2017 was the year when I fully embraced thrifting. The vast majority of my clothing purchases were made secondhand, mostly through thrifting but also consignment. I lost one of my best thrifting buddies part way through the year – miss you tons, Nicole – but got my BFF hooked on thrifting just in time for us to start an Instagram shop. More on that another time, though I will say that the shop was a natural extension of my own shopping habits (my closet is in a constant state of turnover) and the desire to convert others to secondhand shopping. Thrifting has transformed my closet – literally – as well as my approach to shopping; mostly for the good, I think. I have learned a tremendous amount about clothes and the fashion industry, as well as the resale market. Other thrifters have been a huge inspiration and source of information; it’s a growing community which is incredibly supportive for the most part.
What about the numbers?
No surprise for anyone who follows my Insta: I bought a lot of things in 2017. Buy All The Things is practically my motto at this point. The only reason why my closet has not burst at the seams is because of the aforementioned constant, ahem, editing. A combination of factors are at play. One, I have a profound and unalterable weakness for “orphan” clothes – cute clothes I don’t need or want, but which I am compelled to “rescue” from thrift and consignment stores. This goes back years, as the blog can attest. I am hopeful that ThriftRats (the name of our IG shop) will be a good outlet for my future rescue missions. Two, I am getting much pickier about what I wear, but I can’t resist style experiments. “What if this Thing, which is probably not a thing I need, turns out in fact to be everything I never knew I needed?” is a question I can’t help asking myself far too often. Because of that, I hate making on-the-spot decisions about clothing; I much prefer to wear an item once or twice in real life and then assess if and how it fits into my closet. This approach is only possible thanks to thrifting but I am happy with it and it works for me – and, again, ThriftRats is now here to complete the picture, taking the failed experiments and giving them new life.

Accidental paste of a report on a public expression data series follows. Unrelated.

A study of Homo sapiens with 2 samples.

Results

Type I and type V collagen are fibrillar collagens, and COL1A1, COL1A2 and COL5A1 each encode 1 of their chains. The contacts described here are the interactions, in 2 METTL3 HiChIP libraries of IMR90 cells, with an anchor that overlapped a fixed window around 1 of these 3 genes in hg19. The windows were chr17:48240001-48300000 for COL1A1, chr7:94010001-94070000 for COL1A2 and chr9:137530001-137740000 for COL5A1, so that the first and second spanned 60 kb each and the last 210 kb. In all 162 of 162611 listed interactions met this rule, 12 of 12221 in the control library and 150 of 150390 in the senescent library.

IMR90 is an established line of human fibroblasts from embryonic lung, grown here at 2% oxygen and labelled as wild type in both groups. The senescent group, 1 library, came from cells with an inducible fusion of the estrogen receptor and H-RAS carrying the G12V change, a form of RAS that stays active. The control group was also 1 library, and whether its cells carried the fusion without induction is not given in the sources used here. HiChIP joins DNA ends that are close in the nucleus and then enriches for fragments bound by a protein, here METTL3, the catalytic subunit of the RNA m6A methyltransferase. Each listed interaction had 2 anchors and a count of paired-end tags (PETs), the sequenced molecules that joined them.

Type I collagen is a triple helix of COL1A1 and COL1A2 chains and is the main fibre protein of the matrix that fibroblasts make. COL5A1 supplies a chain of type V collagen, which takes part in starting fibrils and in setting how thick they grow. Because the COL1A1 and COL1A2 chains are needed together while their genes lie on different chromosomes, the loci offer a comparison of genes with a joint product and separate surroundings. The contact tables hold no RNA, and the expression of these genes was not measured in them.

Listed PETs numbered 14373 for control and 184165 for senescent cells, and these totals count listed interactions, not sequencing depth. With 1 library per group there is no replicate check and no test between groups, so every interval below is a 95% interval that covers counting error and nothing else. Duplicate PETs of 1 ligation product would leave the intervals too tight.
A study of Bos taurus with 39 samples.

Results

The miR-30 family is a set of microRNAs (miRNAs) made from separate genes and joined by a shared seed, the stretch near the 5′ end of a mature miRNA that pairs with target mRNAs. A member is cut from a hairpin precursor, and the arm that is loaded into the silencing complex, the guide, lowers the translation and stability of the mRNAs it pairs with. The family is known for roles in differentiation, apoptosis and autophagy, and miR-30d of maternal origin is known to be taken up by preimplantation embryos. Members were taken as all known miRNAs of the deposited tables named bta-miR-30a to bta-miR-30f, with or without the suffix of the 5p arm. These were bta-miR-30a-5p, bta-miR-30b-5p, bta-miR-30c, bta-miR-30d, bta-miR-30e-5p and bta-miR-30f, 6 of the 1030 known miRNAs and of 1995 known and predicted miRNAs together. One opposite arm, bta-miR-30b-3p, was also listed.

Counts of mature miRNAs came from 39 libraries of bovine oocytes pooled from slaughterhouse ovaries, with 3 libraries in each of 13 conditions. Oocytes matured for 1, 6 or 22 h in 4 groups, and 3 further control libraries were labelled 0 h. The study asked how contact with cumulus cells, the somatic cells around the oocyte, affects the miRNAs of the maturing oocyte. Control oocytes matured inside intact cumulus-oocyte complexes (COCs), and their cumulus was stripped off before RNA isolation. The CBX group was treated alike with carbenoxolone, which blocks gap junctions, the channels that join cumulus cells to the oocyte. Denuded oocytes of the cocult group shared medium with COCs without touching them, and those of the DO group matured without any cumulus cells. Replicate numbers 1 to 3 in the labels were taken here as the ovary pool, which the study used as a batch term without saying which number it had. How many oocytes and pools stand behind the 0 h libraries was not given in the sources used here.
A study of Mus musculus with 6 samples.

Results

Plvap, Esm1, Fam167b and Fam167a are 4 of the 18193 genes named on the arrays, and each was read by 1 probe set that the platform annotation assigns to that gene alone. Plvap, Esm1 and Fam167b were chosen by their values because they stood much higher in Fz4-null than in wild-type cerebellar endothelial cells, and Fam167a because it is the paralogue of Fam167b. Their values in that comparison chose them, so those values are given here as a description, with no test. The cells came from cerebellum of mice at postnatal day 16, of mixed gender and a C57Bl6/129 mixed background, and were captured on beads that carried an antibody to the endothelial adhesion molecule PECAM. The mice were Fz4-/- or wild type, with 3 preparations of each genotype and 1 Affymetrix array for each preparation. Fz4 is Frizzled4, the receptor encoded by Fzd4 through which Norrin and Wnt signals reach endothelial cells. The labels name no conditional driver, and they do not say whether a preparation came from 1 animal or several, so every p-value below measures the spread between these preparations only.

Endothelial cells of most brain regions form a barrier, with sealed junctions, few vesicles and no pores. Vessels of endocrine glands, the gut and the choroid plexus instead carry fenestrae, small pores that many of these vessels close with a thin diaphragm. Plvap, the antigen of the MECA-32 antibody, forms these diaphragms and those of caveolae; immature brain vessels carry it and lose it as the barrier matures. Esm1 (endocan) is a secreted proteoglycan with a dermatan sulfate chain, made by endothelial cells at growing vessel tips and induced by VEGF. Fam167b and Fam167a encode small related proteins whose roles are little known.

With all that being said, I did buy about one third fewer items than in 2016, which is some sort of progress. Of the items I bought, a little more than ½ are still in my closet as of January 2018. I think this represents an improved retention rate as compared to 2016, if you can believe it.
My total clothes (and accessories) spending in 2017 was around $3,300 – by a wide margin the lowest annual amount since 2013 when I first started tracking these expenses. By way of comparison, the estimated retail value of my purchases was in the region of $48,000. There is no extraneous zero in that figure, by the way. This is why clothes are in no way, shape or form an “investment” – even cars have better resale value.
My wardrobe goals for 2018 are largely of the “keep on keeping on” variety. I would like to whittle my closet down a little further, but I also expect to continue subbing in new pieces; the goal will be to make sure that every single item in my closet is a “wow” piece – something that makes me feel fantastic and/or fills a fundamental role in my wardrobe. I would say I’m about 70% of the way there, so there is room for improvement; at the same time, there are few obvious “stragglers” left in my closet at this point, so choosing pieces to discard requires more careful analysis than in the past. Not including accessories, I have 187 items in my closet at this time. That does include seasonal, travel, and special occasion attire (read, cocktail dresses) which are used on an infrequent basis but which, nonetheless, are necessary pieces. I think my ideal everyday/working wardrobe is somewhere in the range of 120-150 items, which should be achievable with minimal additional culling and regular editing.
I also plan on making more strategic use of my archival closet. This is my repository of things which are too big/small or not quite my current style, but which I still want to keep for various, largely sentimental, reasons. In the past, I have tended to err on the side of keeping too much in there, on the basis of a lot of very tenuous “what ifs”. I have been de-cluttering slowly – ThriftRats shoutout #3 – which means there is room in there again. I plan to use the space for pieces that don’t necessarily fit my current day-to-day needs, but which I may wish to revisit at some future point. Quite a few Anthropologie items fall into this category, by the way. With this approach, my working closet will be less cluttered, but I will still have access to unique pieces I may only wish to wear once or twice a year. Win, win.
Alright, your turn: how did your wardrobe fare in 2017, and what are your plans for 2018?